As you know by now, on Tuesday Adobe announced their support for H.264 for the latest version of their Flash player. While I saw many blogs and news sites that covered the announcement, most didn't really provide any insight or analysis into what this announcement by Adobe means for the market. The best posting I saw was on a blog from one of the engineers at Adobe (NASDAQ:ADBE) who works on the Flash player. If you really want to know the technical details, it's the one post to read.
In the spirit of not just re-hashing a press release on my blog like so many other sites do, and since a few bloggers already gave the same analysis I would have, I decided to ask Bill Joll, On2's CEO, for his take on the announcement and what it means for content creators as well as his company, which has a big stake in the Adobe Flash platform.
While Bill thinks the announcement is a step in the right direction for Flash video, he correctly points out that many times one technology does not replace another. In some scenarios, H.264 make work out to be the best solution, but at other times, On2's (ONT) solution would trump H.264.
Bill says that while there are certain markets for which standards-based codecs are important, there will always be an opportunity for On2's state-of-the-art proprietary technology as well. H.264 can be very expensive if you want to distribute millions of encoders for applications like video chat or user-generated video publishing. In addition to licenses and fees to acquire an H.264 software development kit [SDK], a second intellectual property [IP] license is also required from MPEG-LA. And the same is true for the new AAC+ audio standard in Flash, which requires a separate IP license from Via Licensing in addition to a SDK license. Additionally H.264 is a fairly complex codec that requires significant CPU cycles for encoding and playback, especially for HD content. For these reasons, Bill says there will continue to be a strong market for VP6-based Flash video in the coming years.
That being said, On2 understands that there are certain market segments for which broadcast-industry standards are and will always be a requirement. The video industry is moving towards higher definition video and longer form content that requires lower power and higher performance along with the consumption of video anywhere. This translates into a requirement for any video on any device, but it also means that video coding blocks are moving more and more into hardwired implementations. For On2, they see the value in being able to support their own technology as well as standards in the market.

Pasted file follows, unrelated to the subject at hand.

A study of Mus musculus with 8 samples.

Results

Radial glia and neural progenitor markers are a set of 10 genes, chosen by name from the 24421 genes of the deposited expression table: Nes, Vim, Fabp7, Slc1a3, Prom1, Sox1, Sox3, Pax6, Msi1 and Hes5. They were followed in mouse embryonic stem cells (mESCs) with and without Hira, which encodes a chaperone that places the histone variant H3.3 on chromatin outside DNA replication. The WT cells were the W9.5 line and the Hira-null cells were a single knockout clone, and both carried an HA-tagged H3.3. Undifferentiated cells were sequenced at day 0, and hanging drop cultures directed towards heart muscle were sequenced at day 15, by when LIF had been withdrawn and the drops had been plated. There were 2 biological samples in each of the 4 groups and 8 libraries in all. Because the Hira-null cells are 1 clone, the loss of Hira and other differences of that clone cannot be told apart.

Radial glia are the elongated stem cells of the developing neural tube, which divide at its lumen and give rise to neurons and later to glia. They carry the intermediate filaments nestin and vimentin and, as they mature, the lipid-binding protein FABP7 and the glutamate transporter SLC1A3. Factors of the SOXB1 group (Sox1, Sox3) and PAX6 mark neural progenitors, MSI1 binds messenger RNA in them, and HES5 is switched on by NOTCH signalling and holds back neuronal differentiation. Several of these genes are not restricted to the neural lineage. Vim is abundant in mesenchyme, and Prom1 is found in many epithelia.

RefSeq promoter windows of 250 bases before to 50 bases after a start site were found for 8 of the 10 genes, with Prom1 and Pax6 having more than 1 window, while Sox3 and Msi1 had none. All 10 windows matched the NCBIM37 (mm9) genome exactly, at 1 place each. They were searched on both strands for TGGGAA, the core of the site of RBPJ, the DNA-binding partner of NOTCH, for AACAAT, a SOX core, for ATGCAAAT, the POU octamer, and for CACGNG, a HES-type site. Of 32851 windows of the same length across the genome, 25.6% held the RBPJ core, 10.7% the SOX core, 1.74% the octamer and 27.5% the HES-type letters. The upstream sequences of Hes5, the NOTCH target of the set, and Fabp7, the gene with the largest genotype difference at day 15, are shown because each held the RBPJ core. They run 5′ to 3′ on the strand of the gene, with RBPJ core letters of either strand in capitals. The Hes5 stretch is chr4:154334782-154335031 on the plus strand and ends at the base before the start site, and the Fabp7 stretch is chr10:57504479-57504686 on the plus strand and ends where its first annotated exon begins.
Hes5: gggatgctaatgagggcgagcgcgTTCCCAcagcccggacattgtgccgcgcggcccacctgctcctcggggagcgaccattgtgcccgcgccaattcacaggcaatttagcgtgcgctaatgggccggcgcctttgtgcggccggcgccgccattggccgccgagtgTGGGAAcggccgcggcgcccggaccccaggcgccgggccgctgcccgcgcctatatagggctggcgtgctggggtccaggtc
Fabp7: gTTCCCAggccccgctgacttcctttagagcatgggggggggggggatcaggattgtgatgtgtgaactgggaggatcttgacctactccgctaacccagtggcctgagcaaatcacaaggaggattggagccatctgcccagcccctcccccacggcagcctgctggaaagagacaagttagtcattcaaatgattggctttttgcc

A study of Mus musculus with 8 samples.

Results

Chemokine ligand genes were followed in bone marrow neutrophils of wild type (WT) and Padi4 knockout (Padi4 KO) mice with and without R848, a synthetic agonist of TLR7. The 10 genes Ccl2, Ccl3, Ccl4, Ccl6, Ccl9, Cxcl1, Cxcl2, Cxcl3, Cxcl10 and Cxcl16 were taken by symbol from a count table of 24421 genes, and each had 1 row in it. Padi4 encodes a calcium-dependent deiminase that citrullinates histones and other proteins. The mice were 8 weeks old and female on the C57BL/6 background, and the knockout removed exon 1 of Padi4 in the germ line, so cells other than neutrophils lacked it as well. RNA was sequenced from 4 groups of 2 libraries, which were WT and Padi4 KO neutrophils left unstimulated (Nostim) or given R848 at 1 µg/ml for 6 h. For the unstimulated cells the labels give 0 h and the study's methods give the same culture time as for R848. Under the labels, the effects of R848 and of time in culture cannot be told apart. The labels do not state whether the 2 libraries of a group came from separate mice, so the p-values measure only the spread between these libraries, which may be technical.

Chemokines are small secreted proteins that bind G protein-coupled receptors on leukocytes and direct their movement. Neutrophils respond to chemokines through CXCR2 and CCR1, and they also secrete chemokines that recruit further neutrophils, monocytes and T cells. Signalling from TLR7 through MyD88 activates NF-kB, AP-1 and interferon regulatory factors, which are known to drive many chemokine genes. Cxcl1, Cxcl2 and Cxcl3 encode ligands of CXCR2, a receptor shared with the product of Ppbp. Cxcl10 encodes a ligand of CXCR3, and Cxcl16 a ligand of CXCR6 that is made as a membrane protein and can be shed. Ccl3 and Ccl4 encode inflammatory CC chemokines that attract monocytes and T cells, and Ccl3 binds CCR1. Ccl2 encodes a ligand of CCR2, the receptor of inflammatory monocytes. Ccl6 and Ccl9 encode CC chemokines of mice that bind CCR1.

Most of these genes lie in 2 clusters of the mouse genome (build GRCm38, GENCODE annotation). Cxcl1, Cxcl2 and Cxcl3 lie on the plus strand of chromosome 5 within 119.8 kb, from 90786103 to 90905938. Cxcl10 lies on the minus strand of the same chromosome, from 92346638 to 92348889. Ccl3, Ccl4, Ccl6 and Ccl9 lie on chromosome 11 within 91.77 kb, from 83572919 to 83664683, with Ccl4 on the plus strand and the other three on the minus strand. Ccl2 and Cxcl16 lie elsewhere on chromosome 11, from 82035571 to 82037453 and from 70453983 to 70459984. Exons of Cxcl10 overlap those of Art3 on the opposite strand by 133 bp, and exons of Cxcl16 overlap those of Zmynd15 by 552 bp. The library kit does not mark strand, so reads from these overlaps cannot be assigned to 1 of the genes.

The news that Adobe is adding support for H.264 and AAC+ to Flash is something that Bill says On2 is well prepared to support. He points out that in May of this year On2 announced that they were planning to acquire Hantro, a Finland-based company with some of the best hardware implementations of audio and video codecs anywhere, including H.264. The Hantro acquisition, which is still pending, does two things for On2: first, it provides a vehicle for hardware-specific versions of their industry-leading TrueMotion video technology, including VP6, VP7, and future codecs currently in development; and, as important, it propels On2 into the market of providing industry-leading implementations of standards-based codecs such as H.264, VC-1 and MPEG-4. In that regard, Adobe’s and On2’s announcements both echo the same base message: both companies are expanding their available market through support of standards-based technology.
Bill says that On2 is committed to two business tracks going forward: continuing to invest in their industry-leading proprietary video compression technology; and embracing standards in a way that will allow On2 to become the leading provider of codecs – any codecs – for any and all applications. On2 is fully committed to supporting the new H.264 and AAC+ Flash formats in their entire family of Flix encoding tools and SDKs which they announced this week. Bill points out that in some cases, these are free upgrades that will protect their customers’ investment in their products and he says On2 will give their current and future customers the option of supporting any and all technologies, whatever their needs may warrant.
When it comes to the ecosystem for online video, no one solution works best for every type of content customer. This holds true for compression, hosting, delivery, content management and many of the other technical pieces that make up online video. One format, codec or bitrate is not going to replace another and we'll always have multiple choices in the market based on the fact that customers all have different needs in different industries and verticals. While Adobe's announcement of support for H.264 is a step in the right direction for the industry and for content creators, in my eyes, it does not have a negative impact on On2 or their business as many may speculate.